Goal difference puts Canada in welcome but unfamiliar territory in Group A

Alphonso Davies’ second goal of the Friday night’s 4-2 win over French Guiana didn’t just give the Canadian national team a badly needed insurance goal, it also gave Canada the goal difference needed to lead Group A after the first matchday at the 2017 CONCACAF Gold Cup.

That doesn’t happen too often.

In fact, the last time Canada found itself leading its group was 2009, when back-to-back wins over Jamaica and El Salvador staked them to the top of the group. They would go onto win that group and eventually get knocked out by Honduras in the quarterfinals.

Given Canada’s Gold Cup futility recently, a win was necessary to set them up for Costa Rica, who they’ll play on Tuesday in Houston.

“In the Gold Cup, you need to start with a victory. It’s good for the confidence and the strength of the group to believe in what we’re doing,” said captain Patrice Bernier. “We’re going to face Costa Rica that is more fine-tuned and used to big tournaments, so now we have this boost that will help us be more confident in what we do against Costa Rica.”

It was by no means the finished product, with French Guiana suddenly back in the game with 20 minutes to go and nearing an equalizer during the heavy rains that came down at Red Bull Arena.

Canada's goals were encouraging, but they're a team that has historically relied on a solid back line. Against Costa Rica, similar lapses in shape will be exploited heavily.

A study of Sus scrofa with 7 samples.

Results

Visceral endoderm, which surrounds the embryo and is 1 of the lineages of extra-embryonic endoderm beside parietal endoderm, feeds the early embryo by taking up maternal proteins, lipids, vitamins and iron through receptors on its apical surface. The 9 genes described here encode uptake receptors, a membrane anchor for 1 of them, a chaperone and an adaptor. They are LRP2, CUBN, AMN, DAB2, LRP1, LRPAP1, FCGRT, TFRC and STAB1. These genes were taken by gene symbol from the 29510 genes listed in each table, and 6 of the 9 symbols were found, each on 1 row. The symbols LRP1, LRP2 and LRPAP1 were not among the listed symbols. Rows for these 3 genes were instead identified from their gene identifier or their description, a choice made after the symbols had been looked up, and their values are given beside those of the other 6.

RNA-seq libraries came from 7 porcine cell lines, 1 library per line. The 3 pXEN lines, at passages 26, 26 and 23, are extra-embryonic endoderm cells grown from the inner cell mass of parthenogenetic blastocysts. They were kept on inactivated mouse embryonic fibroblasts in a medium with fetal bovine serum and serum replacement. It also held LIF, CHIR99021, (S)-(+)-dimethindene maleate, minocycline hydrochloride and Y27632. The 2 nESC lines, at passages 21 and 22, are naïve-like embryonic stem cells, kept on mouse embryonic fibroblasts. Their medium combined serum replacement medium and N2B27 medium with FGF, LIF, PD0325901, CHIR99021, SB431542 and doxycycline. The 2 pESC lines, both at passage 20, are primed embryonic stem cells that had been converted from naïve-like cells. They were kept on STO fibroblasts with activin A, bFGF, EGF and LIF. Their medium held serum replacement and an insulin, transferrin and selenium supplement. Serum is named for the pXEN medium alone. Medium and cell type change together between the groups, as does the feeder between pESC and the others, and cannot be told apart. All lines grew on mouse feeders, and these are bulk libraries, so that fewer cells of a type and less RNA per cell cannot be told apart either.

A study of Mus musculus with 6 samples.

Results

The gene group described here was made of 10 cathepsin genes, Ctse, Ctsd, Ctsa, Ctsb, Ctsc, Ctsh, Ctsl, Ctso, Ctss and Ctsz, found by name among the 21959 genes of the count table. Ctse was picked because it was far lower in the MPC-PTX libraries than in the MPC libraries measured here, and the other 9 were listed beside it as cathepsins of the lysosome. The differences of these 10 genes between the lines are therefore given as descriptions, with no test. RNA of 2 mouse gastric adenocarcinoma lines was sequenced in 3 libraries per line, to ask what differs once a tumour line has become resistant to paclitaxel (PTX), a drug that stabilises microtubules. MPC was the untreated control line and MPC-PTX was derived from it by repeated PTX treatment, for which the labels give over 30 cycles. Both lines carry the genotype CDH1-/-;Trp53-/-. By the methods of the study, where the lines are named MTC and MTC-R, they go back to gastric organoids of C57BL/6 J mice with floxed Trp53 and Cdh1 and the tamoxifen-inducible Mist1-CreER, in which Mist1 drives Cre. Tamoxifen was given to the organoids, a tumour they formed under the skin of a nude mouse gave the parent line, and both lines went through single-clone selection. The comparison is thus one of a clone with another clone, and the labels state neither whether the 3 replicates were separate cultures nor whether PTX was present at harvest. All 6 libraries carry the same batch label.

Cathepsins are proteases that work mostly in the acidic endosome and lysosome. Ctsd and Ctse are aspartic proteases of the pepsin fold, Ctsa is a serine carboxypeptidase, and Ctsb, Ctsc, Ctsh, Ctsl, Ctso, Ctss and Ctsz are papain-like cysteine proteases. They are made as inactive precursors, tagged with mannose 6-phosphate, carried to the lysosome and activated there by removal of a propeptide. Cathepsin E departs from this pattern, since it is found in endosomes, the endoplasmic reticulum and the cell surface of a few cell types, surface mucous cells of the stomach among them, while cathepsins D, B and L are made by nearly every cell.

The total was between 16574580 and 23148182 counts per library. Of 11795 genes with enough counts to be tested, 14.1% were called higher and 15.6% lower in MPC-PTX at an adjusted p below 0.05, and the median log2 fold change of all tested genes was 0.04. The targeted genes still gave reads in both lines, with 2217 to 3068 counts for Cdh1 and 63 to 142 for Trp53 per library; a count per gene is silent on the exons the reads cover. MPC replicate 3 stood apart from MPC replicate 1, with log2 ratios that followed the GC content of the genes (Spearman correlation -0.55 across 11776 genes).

“As a professional footballer, you always look back at your standards, and the 20 minutes that we lost the two goals, we were guilty in the midfield three off getting the game stretched,” said Scott Arfield. “If we can’t get that transition a lot better, then we certainly see the game out and the two goals don’t happen if we’re not too stretched from the back four.”

Having crumbled under the pressure so many times before, this time Canada stepped up and saw a game out that looked like it was going sideways.

French Guiana is, admittedly, a more modest opponent than Canada will face the rest of the way. Still, Arfield knows a win is a win, and that the response to adversity also matters.

“The character that we showed [to] see the game out rather than losing our shape for 20 minutes is far more important for a young team,” said Arfield. “Certainly, after this game we’ll have the confidence down in Texas.”